The Aeneid is an epic poem written in 12 books. An epic poem is a long, narrative poem about the adventures of a great hero. Virgil's Aeneid is modeled in part on the great Greek epic poems, the Iliad and the Odyssey, by Homer. The Iliad describes the exploits of Achilles and other Greek heroes in the Trojan War (the same war that forced Aeneas to leave Troy and that is described in Book II of the Aeneid). The Odyssey describes how Ulysses (or Odysseus in Greek) wandered for many years, trying to return home after the Trojan War.

The first six books of the Aeneid parallel the Odyssey because they describe Aeneas' search for a home. Aeneas even stops in many of the same places that Ulysses did. There is an important difference, however. Ulysses was trying to find his old home, while Aeneas is searching for a new home.


The second six books parallel the Iliad. They describe the war in Italy just as the Iliad describes the Trojan War. Again, there are many parallels. For example, the Trojans are besieged inside their fort in Italy just as they were trapped inside Troy. But again there is an important difference. The Iliad describes how the Trojans lost the war and Troy fell. In the Aeneid the Trojans win the war in Italy and get the chance to build a new city.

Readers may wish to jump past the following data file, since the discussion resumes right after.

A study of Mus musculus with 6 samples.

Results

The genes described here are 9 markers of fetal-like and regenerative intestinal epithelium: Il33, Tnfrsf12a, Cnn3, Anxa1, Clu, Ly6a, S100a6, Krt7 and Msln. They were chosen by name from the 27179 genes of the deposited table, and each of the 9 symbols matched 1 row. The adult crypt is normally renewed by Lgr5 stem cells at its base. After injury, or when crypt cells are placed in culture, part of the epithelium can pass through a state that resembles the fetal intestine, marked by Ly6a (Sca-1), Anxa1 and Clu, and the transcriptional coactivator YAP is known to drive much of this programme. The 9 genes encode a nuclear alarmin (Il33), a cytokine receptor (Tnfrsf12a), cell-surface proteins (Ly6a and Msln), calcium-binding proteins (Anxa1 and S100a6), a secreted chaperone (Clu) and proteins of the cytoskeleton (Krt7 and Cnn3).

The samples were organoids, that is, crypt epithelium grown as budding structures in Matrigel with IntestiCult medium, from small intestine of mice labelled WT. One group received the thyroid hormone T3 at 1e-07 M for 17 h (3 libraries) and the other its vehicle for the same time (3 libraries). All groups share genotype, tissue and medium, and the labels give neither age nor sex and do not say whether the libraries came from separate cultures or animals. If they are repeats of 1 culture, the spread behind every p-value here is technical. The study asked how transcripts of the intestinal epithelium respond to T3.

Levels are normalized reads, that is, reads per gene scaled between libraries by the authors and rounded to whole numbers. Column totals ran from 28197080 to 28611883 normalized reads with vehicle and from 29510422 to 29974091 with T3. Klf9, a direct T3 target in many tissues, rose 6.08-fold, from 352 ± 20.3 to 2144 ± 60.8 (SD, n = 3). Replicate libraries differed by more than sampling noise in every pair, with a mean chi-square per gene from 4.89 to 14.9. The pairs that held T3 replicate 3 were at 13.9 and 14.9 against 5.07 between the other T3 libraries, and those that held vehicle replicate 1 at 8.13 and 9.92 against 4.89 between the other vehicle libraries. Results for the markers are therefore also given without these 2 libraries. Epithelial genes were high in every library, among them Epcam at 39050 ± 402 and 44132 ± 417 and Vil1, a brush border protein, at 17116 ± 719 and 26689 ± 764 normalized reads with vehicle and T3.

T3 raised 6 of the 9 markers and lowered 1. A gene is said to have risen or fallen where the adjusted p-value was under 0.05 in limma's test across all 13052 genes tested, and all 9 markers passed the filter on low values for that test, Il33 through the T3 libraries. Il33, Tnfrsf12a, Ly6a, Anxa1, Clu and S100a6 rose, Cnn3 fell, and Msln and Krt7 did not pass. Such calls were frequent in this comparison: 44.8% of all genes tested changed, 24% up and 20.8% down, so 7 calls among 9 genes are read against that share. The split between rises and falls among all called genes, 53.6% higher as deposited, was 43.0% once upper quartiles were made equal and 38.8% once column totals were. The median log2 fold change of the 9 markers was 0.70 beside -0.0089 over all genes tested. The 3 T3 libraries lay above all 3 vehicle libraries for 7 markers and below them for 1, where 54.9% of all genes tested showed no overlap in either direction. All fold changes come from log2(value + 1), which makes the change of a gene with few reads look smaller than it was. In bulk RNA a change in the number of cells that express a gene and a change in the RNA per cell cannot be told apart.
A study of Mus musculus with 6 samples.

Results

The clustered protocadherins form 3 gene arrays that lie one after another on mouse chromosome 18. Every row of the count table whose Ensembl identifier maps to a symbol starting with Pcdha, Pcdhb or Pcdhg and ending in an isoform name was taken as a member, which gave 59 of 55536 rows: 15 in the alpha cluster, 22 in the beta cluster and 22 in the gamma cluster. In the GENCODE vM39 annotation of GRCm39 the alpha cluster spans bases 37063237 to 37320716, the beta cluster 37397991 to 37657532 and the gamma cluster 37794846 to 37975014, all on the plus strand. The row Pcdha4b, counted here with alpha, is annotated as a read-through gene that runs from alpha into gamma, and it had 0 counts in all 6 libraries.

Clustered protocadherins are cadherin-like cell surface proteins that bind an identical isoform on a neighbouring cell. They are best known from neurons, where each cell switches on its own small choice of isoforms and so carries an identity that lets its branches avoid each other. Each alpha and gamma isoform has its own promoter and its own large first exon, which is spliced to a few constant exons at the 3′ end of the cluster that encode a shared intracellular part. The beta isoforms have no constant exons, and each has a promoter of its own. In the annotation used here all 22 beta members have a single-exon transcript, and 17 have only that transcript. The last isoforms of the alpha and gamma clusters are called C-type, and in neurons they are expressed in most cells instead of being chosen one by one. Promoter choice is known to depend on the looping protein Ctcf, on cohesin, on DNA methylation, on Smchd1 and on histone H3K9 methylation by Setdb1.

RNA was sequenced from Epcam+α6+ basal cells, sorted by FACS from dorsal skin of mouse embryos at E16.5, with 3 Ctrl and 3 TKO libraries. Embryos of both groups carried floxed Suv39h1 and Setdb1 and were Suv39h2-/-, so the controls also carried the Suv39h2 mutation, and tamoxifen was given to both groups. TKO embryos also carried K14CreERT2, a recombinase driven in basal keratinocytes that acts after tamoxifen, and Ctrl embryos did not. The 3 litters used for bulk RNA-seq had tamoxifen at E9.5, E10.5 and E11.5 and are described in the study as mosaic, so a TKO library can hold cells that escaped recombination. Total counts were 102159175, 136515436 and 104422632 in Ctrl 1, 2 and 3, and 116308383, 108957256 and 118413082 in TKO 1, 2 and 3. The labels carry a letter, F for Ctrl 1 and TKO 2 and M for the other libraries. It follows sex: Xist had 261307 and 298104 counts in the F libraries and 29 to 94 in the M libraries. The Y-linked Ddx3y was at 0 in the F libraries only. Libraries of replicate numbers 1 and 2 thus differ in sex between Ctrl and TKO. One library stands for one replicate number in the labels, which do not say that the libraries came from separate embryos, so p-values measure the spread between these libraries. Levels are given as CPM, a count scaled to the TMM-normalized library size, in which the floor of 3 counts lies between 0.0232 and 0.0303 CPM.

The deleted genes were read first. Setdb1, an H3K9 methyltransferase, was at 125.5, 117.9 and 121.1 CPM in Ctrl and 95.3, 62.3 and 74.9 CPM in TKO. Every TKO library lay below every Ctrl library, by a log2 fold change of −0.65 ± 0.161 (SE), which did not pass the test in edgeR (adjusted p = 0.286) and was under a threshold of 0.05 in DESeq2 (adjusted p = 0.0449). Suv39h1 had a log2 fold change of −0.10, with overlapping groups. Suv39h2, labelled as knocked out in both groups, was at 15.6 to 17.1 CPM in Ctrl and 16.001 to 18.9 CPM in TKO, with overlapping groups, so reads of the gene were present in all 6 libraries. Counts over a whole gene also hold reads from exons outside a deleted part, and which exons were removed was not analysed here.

Virgil imitates many scenes from the Iliad. and the Odyssey in his epic, but he always changes them in significant ways so that they illustrate his own Roman themes. One of the most important differences between Homer's epics and the Aeneid is that the Aeneid is a patriotic poem while the Iliad and the Odyssey are poems about individuals and their adventures. Homer emphasizes heroes, not countries. But one of Virgil's main points is to show how Rome became the city it is, and to show what kind of person makes a good Roman citizen and leader.

You can also think about the Aeneid as being divided into three parts. The first four books take place with Dido in Carthage, including a flashback to the fall of Troy. The second four books (V-VIII) describe the Trojans' arrival in Italy and Aeneas' trip to the underworld where he sees the future of Rome. The last four books (IX-XII) describe the war in Italy and Aeneas' triumph over Turnus.

You can also consider the books of the Aeneid in pairs. The odd-numbered books tend to be less dramatic (for example, Book III in which the Trojans' wanderings are described or Book V where the funeral games for Anchises are shown). The even-numbered books reach more emotional peaks of tragedy or glory (for example, the death of Dido in Book IV, and Aeneas' vision of the future in Book VI).